Futurist, author and speaker Ravin Jesuthasan’s new book provides invaluable insight for the forward-looking reward professional at TR2050.
Described by many as a futurist and global thought leader, Ravin Jesuthasan has spent many years exploring organisational and workforce transformation, from consultancy to research. He is currently Global Leader of Mercer’s Transformation Services business, prior to which he was a managing director and global business leader at Willis Towers Watson for over 26 years and a consultant with Accenture’s strategy consulting practice.
Alongside his role at Mercer and running various research projects on behalf of the World Economic Forum, Ravin is an author and has multiple books and articles to his name. His most recent book, Work Without Jobs: How to reboot your organization’s work operating system, was co-authored with his long-term collaborator John W Boudreau and is a Wall Street Journal bestseller, as well as the #1 bestselling new release on Amazon.
Work Without Jobs follows his two previous books that interrogated the future of work (Lead The Work: Navigating a World Beyond Employment and Reinventing Jobs: A 4-Step Approach for Applying Automation to Work) but dives deeper, “delving into deconstruction and presenting it as a fundamental element of the new work operating system that we think is essential to navigating the world of work,” Ravin says.
TR2050 sat down with the esteemed futurist to find out more about his book and his predictions for the future of reward:
Why do you think reward leaders should read your book?
The new work operating system we discuss in Work Without Jobs, with its foundations in tasks and skills instead of jobs as the currency of work, will transform everything we know about HR, not the least of which is how we reward talent. Reward leaders are increasingly going to be asked to develop reward systems that are agile in meeting talent on their individual terms versus forcing them to comply with a traditional one-size-fits-all design. This book illustrates what such reward programmes look like, with frameworks and case studies, and provides suggestions for reward leaders on how they can experiment and manage the transition from their traditional structures.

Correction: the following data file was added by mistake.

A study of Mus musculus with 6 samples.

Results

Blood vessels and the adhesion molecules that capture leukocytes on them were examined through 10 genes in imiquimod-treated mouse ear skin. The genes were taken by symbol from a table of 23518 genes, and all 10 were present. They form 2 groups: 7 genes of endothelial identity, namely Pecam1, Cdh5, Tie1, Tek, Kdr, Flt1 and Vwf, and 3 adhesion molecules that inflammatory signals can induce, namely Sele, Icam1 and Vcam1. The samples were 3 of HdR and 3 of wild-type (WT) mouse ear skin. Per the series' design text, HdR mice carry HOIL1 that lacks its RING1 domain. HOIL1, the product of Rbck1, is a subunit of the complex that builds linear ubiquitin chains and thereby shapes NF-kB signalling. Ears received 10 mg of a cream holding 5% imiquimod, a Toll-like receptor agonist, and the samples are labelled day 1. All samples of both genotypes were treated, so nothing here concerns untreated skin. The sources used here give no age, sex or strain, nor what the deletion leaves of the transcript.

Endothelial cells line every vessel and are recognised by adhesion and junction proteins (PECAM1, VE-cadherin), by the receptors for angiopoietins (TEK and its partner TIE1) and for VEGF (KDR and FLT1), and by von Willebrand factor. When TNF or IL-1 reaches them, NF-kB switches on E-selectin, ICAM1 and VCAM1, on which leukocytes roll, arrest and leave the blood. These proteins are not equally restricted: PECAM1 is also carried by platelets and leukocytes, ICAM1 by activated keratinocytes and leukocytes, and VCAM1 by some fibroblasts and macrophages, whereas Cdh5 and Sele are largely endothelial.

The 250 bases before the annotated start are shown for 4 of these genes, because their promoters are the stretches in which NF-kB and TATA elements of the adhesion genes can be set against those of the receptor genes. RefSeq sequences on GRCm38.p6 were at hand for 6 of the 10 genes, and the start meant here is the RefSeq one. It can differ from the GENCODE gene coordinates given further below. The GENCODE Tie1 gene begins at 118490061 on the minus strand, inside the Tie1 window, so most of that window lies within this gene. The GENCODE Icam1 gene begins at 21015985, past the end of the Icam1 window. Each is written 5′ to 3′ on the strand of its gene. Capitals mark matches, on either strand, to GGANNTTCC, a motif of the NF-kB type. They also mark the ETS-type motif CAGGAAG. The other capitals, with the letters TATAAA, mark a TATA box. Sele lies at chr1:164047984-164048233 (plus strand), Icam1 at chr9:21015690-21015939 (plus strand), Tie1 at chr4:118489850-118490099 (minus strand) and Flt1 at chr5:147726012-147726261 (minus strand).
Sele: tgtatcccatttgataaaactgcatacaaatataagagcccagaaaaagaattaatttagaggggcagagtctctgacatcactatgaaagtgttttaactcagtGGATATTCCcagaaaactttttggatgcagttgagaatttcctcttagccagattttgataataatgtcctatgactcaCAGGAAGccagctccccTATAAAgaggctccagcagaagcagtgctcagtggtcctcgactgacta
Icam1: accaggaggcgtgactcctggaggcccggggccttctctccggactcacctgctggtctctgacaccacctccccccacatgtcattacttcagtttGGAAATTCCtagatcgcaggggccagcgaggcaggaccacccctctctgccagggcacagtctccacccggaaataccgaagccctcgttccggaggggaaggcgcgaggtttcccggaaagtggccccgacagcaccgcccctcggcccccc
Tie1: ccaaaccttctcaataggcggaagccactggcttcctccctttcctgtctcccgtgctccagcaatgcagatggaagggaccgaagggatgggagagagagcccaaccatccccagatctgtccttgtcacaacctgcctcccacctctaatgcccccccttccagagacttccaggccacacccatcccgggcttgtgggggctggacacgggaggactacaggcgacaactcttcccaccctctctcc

Tell me a little about your co-author – where did you meet and why did it feel you’d make a good partnership for this book/topic?
John Boudreau is one of my dearest friends. He is one of the most prominent academics in HR with a reputation for thought leadership that is second to none. We have written four books and countless articles together over the last 10 years. We were introduced to each other in 2006 by a mutual friend who thought we had much in common and could benefit each other’s work. Boy, was she right! I think we nicely blend the academic and practitioner perspectives.
What are your predictions on how reward may change in the coming years?
I believe we are going to see reward become far more flexible in meeting the needs of the workforce, with much greater personalisation and different mechanisms for rewarding development/skills acquisition and contribution. Reward will be at the forefront of reducing the frictional cost of employment. Longer term, I see reward becoming the glue for connecting a disparate and distributed workforce to an organisation’s mission and purpose.
What three pieces of advice could you offer our TR2050 Members as the try to develop strategies for rewarding workers in 2050?
- Understand how you can stay ahead of the evolution of your organisation’s business model
- Challenge yourself to re-envision the purpose, structure and design of rewards
- Experiment and create proofs of concept to make your ideas tangible for others
What do you enjoy about interrogating the future of work?
It is never static and is constantly evolving due to the multiple forces that shape it. It challenges me to continuously learn, unlearn and relearn; to quote the great futurist Alvin Toffler.
What led you into this sector/industry in the first place?
I am a re-treaded finance guy who loved combining analytics with how people and organisations operate and make decisions. My personal journey has been one of perpetual reinvention from finance to strategy to human capital. And I am not done yet!
What were your earliest ambitions as a young person?
I was always a little entrepreneurial. Early on, I wanted to follow my father into engineering but quickly realised that I was rubbish at it! But in the process, I discovered that I loved data and analytics if they had a dollar sign in front of them. That led me to business school for my bachelors and masters in finance, before becoming a Chartered Financial Analyst (CFA). I never really thought about a career but was always curious to expand my horizons and try and ‘look around corners’.
What topic would you like to delve into next?
I have actually started work on my fifth book and will be writing it with the MIT Press once again. It is focused on the reinvention of the organisation and the journey to a skills-based enterprise.